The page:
Professor James Tooley: A champion of low-cost schools or a dangerous man?

The Guardian has a detailed look at James Tooley, professor of education at Newcastle University, who says he wants to see private schools emerge and then the state just move aside from education. This is an extract…

In January 2000, James Tooley, then working as a consultant for an arm of the World Bank, left his five-star hotel in Hyderabad, India, to see the Charminar, described in the guidebooks as the city’s “must see” attraction. As his autorickshaw proceeded through middle-class suburbs, he was struck by the ubiquity of private schools. But the Charminar, a triumphal arch built in 1591, stands at the heart of the old city slums. And, to Tooley’s surprise, the private schools didn’t thin out as he passed through poorer areas. When he continued his journey on foot, deeper into the slums, “there seemed to be a private school on every street corner”.

These were not, with a few exceptions, philanthropic concerns run by charities. They were private, profit-making enterprises, run by local entrepreneurs and charging rock-bottom fees to poor parents. Nor, it turned out, were they confined to Hyderabad. As Tooley went elsewhere in Africa and Asia – to Ghana, Nigeria, Kenya, even China – he found similar schools. He ventured down stinking alleyways, stepped through open sewers, tramped to remote villages. Poor parents, exasperated by the failings or even non-existence of state education, had exerted “people power” and achieved what Tooley calls “grassroots privatisation”…

Tooley, 54, is charming, jolly and generous, and nobody who knows him doubts his sincerity and his genuine enthusiasm for what are, rather ambiguously, called “low-cost private schools”. Nor would anyone now seriously dispute the existence of such schools or even their frequent superiority to neighbouring state schools, though the scale of the superiority is disputed.

But some would say that as far as state education is concerned, Tooley is a dangerous character. He has been described as “the high priest of privatised education in Britain” and, by Stephen Ball, a professor at London University’s Institute of Education, as “a policy entrepreneur par excellence”…

Though he described the Hyderabad visit as “my epiphany, when the bits of my life came together”, the Damascene moment, he said, occurred much earlier at the Institute of Education in London when, during PhD studies, he read EG West’s Education and the State, a sacred text for free marketeers. It argued that, long before the 1870 Education Act established compulsory state education, the majority of English children were literate, thanks to private and voluntary schools. Tooley found private schools in Hyderabad because he wanted to find them, having accepted the West thesis that, in the early 19th century, they were doing a brilliant job in England and would do so again if the state stepped aside.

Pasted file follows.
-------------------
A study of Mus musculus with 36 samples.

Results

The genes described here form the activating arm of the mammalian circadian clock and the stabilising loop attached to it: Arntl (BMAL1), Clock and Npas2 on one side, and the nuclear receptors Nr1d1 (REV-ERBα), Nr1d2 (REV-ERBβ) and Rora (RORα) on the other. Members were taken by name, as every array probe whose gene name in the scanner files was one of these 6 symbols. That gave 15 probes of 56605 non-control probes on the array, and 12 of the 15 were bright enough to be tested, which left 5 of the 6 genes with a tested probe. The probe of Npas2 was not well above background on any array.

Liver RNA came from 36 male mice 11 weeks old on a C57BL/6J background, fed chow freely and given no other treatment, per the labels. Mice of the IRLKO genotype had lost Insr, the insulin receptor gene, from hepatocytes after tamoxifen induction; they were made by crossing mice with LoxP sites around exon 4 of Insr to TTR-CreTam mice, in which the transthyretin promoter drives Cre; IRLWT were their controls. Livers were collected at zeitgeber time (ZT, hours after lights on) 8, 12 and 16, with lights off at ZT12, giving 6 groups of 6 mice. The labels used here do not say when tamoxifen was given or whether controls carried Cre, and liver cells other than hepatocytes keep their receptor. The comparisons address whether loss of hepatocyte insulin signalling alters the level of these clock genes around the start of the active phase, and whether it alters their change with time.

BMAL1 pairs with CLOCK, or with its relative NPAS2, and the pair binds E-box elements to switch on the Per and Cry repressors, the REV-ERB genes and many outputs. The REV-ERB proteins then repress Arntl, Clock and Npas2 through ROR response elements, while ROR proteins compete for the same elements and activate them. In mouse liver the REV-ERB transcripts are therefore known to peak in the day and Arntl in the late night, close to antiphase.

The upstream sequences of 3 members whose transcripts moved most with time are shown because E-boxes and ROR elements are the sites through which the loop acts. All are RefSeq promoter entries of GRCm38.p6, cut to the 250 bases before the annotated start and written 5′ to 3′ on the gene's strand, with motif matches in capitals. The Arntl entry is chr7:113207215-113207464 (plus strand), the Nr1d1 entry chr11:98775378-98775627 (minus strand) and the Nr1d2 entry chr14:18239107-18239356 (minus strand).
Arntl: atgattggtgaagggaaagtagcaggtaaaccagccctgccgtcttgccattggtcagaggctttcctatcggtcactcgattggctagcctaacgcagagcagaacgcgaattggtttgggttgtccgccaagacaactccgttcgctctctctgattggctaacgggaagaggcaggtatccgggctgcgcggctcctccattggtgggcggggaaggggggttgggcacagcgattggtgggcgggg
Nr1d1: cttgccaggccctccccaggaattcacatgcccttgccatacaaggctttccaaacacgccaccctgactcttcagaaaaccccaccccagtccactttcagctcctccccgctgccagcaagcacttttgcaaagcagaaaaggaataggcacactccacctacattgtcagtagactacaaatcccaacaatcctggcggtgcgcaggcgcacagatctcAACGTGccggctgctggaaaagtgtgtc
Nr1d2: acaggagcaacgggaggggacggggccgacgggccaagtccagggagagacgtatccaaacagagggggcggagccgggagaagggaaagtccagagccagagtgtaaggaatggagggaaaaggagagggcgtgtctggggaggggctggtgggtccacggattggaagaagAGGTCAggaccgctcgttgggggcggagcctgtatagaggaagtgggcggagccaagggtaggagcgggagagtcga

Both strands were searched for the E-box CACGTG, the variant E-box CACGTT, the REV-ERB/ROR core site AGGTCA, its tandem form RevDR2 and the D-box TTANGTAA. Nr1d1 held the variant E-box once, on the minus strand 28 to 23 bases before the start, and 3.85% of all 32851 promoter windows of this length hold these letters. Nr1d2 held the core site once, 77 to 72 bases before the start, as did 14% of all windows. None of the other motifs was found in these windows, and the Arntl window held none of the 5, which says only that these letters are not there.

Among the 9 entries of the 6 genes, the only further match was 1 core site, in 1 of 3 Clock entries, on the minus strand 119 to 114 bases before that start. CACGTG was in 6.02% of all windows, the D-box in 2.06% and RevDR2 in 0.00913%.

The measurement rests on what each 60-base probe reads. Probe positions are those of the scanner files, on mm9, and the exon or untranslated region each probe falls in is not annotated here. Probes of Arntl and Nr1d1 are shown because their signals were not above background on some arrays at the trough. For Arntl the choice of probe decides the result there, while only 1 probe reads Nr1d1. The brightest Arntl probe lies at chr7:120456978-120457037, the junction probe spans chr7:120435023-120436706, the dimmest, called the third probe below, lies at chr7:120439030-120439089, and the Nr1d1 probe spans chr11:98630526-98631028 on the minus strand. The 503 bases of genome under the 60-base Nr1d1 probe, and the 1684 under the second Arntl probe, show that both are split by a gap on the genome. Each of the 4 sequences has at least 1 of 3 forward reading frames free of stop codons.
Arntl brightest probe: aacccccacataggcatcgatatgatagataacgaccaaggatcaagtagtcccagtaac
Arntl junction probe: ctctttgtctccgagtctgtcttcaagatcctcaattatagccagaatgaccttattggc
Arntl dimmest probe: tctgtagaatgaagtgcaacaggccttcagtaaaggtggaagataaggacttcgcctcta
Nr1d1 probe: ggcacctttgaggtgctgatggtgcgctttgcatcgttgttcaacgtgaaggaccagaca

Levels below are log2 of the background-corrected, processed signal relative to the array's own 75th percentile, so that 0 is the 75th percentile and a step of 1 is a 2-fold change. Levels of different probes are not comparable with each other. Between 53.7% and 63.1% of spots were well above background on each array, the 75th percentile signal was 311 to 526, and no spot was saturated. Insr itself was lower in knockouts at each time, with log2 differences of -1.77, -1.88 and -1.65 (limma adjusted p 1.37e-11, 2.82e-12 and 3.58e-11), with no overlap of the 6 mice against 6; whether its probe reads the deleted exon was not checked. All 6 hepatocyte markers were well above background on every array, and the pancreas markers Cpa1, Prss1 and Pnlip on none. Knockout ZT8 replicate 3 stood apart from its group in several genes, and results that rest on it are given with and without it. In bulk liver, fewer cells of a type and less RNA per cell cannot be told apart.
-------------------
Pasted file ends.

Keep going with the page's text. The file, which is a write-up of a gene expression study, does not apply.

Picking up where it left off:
Now he has become an investor in private schools, remortgaging his house and sinking his savings into schools for the poor in the developing world. He initially linked with Orient Global, founded by the New Zealand-born billionaire Richard Chandler who specialises in investing in developing economies, to work in China and India. He soon broke with Chandler, but refuses to talk about the details – except to say, in future, he will be more wary of men with Boeing 737s – and concentrated on building Omega Schools with a local partner in Ghana. The company opened its first schools in 2009, and now has 40, with 20,000 pupils. Tooley predicts 100 schools with 50,000 pupils next year…

Tooley believes that countries such as Britain should learn from India, Ghana, Kenya and others. We, too, could have low-cost private schools if they were run commercially, as established schools such as Eton and Harrow are not. With bigger classes, more modest buildings, less experienced teachers and more technology, they could charge less than £2,000 a year per pupil.

“I don’t support Michael Gove’s free schools or US charter schools,” he says. “I’m a purist. The government shouldn’t privatise education because it will make a mess of it, as it did with the railways. I want to see private schools emerge and then the state just move aside from education.”

He is unfazed when you suggest that, in a schools market, as in energy, banking, retail and a host of other markets, we would end up with a handful of big chains, some controlled by hedge funds or foreign conglomerates, spending more on sales, marketing and shareholders’ dividends than on teaching children, and restricting choice rather than widening it. He says that school chains with names such as EasyLearn or Virgin Opportunity could, to parents, carry similar guarantees of quality and reliability as those of Sainsbury’s or Boots. But he also says there should be and will be room (without quite explaining how) for more local school enterprises.

Fanciful ideas? Perhaps, until you think how rapidly they are spreading across the developing world and how private capital is making inroads to higher education both here and in the US. I like Tooley but, if I were a highly qualified teacher working in a publicly funded school, particularly in Newcastle (“a good place to start a low-cost private school,” he says), I would be afraid of him. Very afraid.

More at:  Professor James Tooley: A champion of low-cost schools or a dangerous man?

Your thoughts on Professor Tooley’s ideas about low-cost private schools, whether overseas or in the UK? Please share in the comments or on twitter… 


    Tooley’s book, “The Beautiful Tree”, is published by the Cato Institute, a right-wing, libertarian US think-tank founded by the billionaire Koch brothers whose billions unduly influence US state legislation.

  2. TeaLadyJune

    .SchoolsImprove I am afraid; Gove’s made a start overseeing an haemorrhaging of high quality expensive teachers from the academy system!